Tom Davis / January 19, 2011

The Genesis of Change

In Newsmax.com on January 14, 2011 appeared an article entitled, “Report: Allow Women in US Combat Units.” The article notes that a Military Commission is recommending that the Pentagon do away with a policy that “bans women from serving in combat units.” The article goes on to point out the policy prohibits women from being assigned “to any unit smaller than a brigade whose primary mission is direct combat on the ground.”

At one point in my career, I was assigned in the mid 1970s in the grade of major as the training officer with a dental detachment under the operational control of the New Jersey National Guards 50th Armored Division. The unit had no women assigned. When I questioned the Commanding Officer as to the reason or thinking behind this state of affairs, I was told, “We are a combat unit.” Since he and I were both Dental Officers, I was quite comfortable pursuing the matter.

I pointed out that as a dental unit we were not a combat unit, but rather a Combat Service Support unit under the temporary operational control of the division. Further, that in the event of activation we would be immediately detached and reassigned. He agreed but stated that it was the decision of the New Jersey state Adjutant General. I remarked that it was ludicrous to have a dental unit without utilizing the skills of readily available female Dentists, Dental Assistants, Hygienists, clerks, drivers, and clerical personnel. His final remark on the subject was, “State will never approve.”

I asked if he would at least forward without comment, a request I would prepare to the National Guard Bureau in Washington, DC. He said he would but interjected, “I don’t think it will get out of Trenton.” He erred in his thinking. The letter was forwarded from Division Headquarters without comment. And eight months later, I had the distinct pleasure to swear into our unit the first female in the NJARNG, Private Annette Hardy. She was the first of many.

In late 1976, our Commanding Officer suffered a fatal heart attack, and I was assigned the position. The very first act I took upon Assumption of Command was to make an assessment of assigned personnel. The unit had been forced to accept personnel from several deactivated NIKE sites and was way over strength and way under qualified. In consultation with my First Sergeant and others, we weeded out the undesirables until my First Sergeant became concerned that we would be too far under strength and he would lose his full-time slot. Not to worry, First; we are covered.

At about the same time, the US Army established a new policy which was to prove valuable in the recruiting of women into the military. The new policy permitted Dental Students to become Second Lieutenants in the Army Medical Corps. At that time I was a member of the Faculty of the University of Medicine and Dentistry of New Jersey.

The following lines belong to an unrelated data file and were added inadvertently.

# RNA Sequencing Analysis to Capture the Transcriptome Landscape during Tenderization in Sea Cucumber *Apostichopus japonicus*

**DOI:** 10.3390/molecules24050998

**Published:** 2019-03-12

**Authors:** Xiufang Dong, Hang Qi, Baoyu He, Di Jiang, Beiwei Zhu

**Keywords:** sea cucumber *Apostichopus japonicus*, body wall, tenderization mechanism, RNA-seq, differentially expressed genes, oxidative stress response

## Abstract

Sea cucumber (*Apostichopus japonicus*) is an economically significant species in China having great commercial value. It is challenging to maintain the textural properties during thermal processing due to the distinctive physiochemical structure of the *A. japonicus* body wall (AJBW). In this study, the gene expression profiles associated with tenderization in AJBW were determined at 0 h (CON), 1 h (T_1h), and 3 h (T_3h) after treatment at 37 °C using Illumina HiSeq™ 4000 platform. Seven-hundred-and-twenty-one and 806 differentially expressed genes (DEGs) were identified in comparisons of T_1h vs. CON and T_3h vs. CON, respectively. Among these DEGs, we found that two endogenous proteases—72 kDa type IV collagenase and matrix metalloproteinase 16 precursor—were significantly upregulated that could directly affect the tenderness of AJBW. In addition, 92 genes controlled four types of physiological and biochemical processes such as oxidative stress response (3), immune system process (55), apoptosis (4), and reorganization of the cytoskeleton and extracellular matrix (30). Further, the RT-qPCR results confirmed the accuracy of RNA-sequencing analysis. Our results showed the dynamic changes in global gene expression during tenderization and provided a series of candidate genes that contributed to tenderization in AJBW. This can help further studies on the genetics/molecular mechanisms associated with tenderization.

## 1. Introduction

With that favorable connection combined with aggressive recruiting, in less that a year the unit was at the permissible over strength level of 110 percent. The Dental Students were not only extremely capable but very willing to help train the be Dental Hygienists and Assistants.

For the unit to be selected for the Ready Reserve Force, it was necessary to pass the Army’s readiness tests. Every member of the unit, with the exception of the Dental Students, had undergone basic training and some had acquired advanced training. No unit is without glitches; ours was no exception.

During one two-week summer training at Fort Drum, NY, our unit was responsible for the perimeter defense on three sides of a rectangle occupied by us and a Medical Battalion. The Medical Battalion allowed enemy (aggressor) forces to penetrate and a fire was ignited in a personnel tent. One female dental assistant assigned to guard duty became nearly hysterical because she heard scary noises (50th Div Tanks in the distance).

Our female personnel were in reality a stabilizing force within the unit. All were extremely bright, most well-educated and eager to prove they could carry out any task they were assigned. The unit was about half and half Male /Female. Because our training evaluations were so high, we were able to obtain the most up-to-date dental equipment. Our reputation preceded us one of the early summers. When I went to the McGuire Air Force Base Loading Operations, they were most obliging in training our unit how to properly load onto a C-141-B StarLifter. Every member of our unit was able to back a truck with trailer up the loading ramp, position correctly and tie down securely all unit vehicles.

One of the Ladies, Dr. Marliese Idelberger, after graduating from Dental School was awarded the most desirable US Air Force Dental Residency at Langley AFB. She stayed in the Air Force Reserve and attained the Grade of Colonel. Dr, Nancy Ann Kuhl stayed with the 194th Dental Detachment and was the Commanding Officer until it was deactivated. She remained in the reserve, was promoted to Colonel, served a tour in Kuwait during OIF. She is now the commander of a Medical-Dental Command in the Army Reserve with enough time to retire.

Conclusion: Have no trepidation regarding the desire or ability of the ladies to serve well and faithfully. They will follow the rules, but expect them to question unreasonable decisions.